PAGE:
Geisha (芸者) (/ˈɡeɪʃə/; Japanese: [ɡeːɕa]), also known as geiko (芸子) (in Kyoto and Kanazawa) or geigi (芸妓), are a class of female Japanese performing artists and entertainers trained in traditional Japanese performing arts styles, such as dance, music and singing, as well as being proficient conversationalists and hosts. Their distinct appearance is characterised by long, trailing kimono, traditional hairstyles and oshiroi make-up. Geisha entertain at parties known as ozashiki, often for the entertainment of wealthy clientele, as well as performing on stage and at festivals.
Modern geisha are not prostitutes. This misconception originated due to the conflation of Japanese courtesans (oiran), oiran reenactors, the extant tayū, and prostitutes, who historically also wore kimono. The first female geisha appeared in 1751, with geisha before that time being male performers who entertained guests within the pleasure quarters; only later did the profession become mainly characterised by female workers.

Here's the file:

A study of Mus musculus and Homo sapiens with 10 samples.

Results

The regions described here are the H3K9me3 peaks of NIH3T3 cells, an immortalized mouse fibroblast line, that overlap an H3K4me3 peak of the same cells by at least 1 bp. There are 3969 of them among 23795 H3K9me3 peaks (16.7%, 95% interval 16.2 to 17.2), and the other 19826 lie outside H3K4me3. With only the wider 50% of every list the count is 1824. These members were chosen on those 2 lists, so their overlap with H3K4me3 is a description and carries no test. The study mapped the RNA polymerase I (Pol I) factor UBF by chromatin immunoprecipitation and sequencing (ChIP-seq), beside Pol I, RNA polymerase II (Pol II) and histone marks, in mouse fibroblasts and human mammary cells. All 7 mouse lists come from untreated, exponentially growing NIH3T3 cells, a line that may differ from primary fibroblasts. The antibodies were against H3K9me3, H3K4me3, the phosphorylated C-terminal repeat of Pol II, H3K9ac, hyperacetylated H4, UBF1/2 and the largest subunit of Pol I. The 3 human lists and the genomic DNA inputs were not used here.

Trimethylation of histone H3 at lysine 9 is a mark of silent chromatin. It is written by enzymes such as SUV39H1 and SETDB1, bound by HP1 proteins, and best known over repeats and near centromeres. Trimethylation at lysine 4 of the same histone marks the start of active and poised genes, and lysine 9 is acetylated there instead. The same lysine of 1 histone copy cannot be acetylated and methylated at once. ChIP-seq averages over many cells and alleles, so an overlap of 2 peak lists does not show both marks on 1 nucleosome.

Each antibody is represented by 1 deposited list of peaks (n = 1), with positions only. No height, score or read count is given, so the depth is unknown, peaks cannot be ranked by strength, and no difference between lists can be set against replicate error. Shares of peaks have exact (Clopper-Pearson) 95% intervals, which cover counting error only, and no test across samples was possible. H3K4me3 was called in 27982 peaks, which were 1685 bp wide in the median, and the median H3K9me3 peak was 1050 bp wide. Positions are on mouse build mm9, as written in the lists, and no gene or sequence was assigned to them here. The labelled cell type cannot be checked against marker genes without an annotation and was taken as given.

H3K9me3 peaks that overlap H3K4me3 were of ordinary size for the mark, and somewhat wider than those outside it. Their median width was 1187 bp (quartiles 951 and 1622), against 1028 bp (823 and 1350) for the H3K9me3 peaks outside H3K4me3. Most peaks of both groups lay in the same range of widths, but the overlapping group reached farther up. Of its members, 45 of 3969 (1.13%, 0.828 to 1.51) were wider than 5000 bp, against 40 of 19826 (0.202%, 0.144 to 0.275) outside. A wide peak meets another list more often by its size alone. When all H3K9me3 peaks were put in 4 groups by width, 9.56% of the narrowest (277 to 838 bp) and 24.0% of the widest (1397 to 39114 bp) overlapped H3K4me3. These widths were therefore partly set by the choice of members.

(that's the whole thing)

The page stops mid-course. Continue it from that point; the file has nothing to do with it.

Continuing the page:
The arts that geisha perform are considered highly developed and, in some cases, unique throughout Japan to the world of geisha. For example, the Gion district of Kyoto is the only district wherein the kyo-mai style of Japanese traditional dance is taught. This style of dance is taught solely to the geisha within the district by the Inoue school, with the school’s former head, Inoue Yachiyo V, having been classified as a “Living National Treasure” by the Government of Japan, the highest artistic award attainable in the country, in 1955. (Wikipedia)
Taken between 1868 to 1912, the pictures present the Geishas as bathing beauties modeling swimwear by the sea. For most of them, the identity of the photographers and models remain unknown – a situation common to all categories of old Japanese postcards.